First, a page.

What changes have you seen in medical meeting planning over the last few years?
In the past, we dealt with product managers and brand managers, who pretty much had sole control of a drug, its launch, and
how it was received into the physician world. But then Pfizer and Abbott and AstraZeneca and all these big pharmaceutical
companies in kind of a flat-hand-to-the-forehead moment said, "Hey, we're these huge companies, but we're not getting any
buying power for who we are. We're putting it out to all these different companies, and there's no rhyme or reason to it."
I mean, it dawned on them that there was no consolidation. It was like, "Wow, we have a group over here that is using this
company, and this group is using somebody different" and on and on. And so they weren't getting any bang for their spend.
So, recently, the procurement department has said, "We're going to push a high volume of meetings. And by doing so, we're
going to expect better service and a better price. You have a history with us, we understand your service level, but what
can you do for us on price?" It's a different paradigm from before, where the brand managers and product managers wanted to
make sure quality was first and foremost. They wanted to make sure the physicians got there and they got the information they
needed to make a decision about their drugs. That was job number one. And to a certain extent, it almost didn't matter how
much they spent to get that done.
Now procurement has come in and said, "Wait a second. You know, we can shave 25 percent off of this spend here and use that
for something else." It's about looking at the dollars first. What we do with that is almost secondary. Then again, the reality
is that if education meetings are going to continue—and I believe they are; last year, over $9 billion was spent on them—then
there has to be real effectiveness in terms of education, but they also have to be profitable.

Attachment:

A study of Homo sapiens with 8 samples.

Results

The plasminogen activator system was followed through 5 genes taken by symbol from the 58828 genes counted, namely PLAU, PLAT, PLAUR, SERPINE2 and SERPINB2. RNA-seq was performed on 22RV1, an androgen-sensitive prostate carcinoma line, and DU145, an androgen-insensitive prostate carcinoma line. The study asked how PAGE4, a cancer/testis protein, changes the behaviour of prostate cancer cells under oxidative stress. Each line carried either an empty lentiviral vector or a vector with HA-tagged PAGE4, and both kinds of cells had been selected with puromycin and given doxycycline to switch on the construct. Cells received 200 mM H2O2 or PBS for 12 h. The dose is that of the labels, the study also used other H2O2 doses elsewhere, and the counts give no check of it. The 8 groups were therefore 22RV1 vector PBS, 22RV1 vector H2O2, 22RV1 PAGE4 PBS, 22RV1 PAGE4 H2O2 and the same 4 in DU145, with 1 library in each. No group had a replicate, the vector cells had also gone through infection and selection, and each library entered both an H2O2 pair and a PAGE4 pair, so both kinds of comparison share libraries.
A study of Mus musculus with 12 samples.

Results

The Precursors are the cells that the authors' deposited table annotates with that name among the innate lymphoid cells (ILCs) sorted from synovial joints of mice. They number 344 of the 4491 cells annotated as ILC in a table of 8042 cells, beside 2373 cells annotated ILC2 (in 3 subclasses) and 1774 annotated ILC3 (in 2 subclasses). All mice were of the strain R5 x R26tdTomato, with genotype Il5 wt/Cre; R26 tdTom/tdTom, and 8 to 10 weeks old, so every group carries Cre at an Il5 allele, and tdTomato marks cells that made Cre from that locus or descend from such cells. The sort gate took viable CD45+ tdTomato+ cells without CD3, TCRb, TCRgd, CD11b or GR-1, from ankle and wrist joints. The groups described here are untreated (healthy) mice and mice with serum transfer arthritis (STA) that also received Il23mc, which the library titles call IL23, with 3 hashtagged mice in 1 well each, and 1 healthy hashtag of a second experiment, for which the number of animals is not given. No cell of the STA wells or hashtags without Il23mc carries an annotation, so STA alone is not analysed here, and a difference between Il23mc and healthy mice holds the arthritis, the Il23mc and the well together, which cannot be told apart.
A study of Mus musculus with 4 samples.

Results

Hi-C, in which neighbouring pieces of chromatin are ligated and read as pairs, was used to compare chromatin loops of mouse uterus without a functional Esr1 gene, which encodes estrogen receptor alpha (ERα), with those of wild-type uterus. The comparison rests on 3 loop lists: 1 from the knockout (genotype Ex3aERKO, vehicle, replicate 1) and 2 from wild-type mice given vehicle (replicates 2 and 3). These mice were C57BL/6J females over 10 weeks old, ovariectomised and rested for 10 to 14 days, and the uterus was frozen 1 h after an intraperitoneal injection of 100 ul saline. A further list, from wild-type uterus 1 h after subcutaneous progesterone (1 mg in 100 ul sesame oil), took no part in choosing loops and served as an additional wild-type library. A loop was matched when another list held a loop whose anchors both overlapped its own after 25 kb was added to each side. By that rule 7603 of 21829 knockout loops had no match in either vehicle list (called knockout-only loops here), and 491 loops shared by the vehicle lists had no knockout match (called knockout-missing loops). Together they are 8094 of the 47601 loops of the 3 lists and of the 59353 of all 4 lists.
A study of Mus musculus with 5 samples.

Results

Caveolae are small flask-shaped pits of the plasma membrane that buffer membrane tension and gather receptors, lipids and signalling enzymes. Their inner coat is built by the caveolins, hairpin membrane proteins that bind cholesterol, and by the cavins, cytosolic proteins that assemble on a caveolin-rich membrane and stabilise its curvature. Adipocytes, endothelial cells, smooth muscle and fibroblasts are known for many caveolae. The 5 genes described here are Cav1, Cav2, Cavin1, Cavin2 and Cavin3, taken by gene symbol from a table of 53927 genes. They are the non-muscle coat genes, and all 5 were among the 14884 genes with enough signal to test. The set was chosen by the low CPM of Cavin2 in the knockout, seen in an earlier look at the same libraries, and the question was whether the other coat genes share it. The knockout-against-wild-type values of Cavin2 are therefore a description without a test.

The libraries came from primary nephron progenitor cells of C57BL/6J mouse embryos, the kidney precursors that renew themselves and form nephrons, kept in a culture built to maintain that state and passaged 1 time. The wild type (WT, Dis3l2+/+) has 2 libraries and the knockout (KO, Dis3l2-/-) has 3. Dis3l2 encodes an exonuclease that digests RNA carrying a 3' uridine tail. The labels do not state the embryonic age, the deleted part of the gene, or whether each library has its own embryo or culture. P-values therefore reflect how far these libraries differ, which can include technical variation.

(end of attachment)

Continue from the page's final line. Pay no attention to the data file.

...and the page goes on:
How have the increased regulations affected the meeting-planning landscape?
With all the changes comes a cloud of fear. Any time the federal government gets involved, it makes things very scary. At
the same time, there were things that were being conducted in a manner that they shouldn't have been. So now we have the opportunity
to do these programs right, to make them what everybody really wanted them to be all along, which is educational programs.
Physicians can come in and know they are getting the unbiased education they need to make good, sound decisions. It's really
not that hard to do.
The rules and regulations are there. We just need to follow them, abide by them, and constantly be tweaking them. We went
through such a long period of time where it was a kind of dark, murky area. Now meetings are open for all kinds of scrutiny,
which can be scary, but it also gives us that opportunity to make the industry what it needs to be.
Why are pharmaceutical companies relying more on third-party meeting planners?
By relying on third-party companies to handle these things for them, they can go to the Senate Finance Committee and say,
"You know, we're doing everything humanly possible. We're giving these grants. We're using third-party providers. We're making
sure we're staying at arm's length the way we should."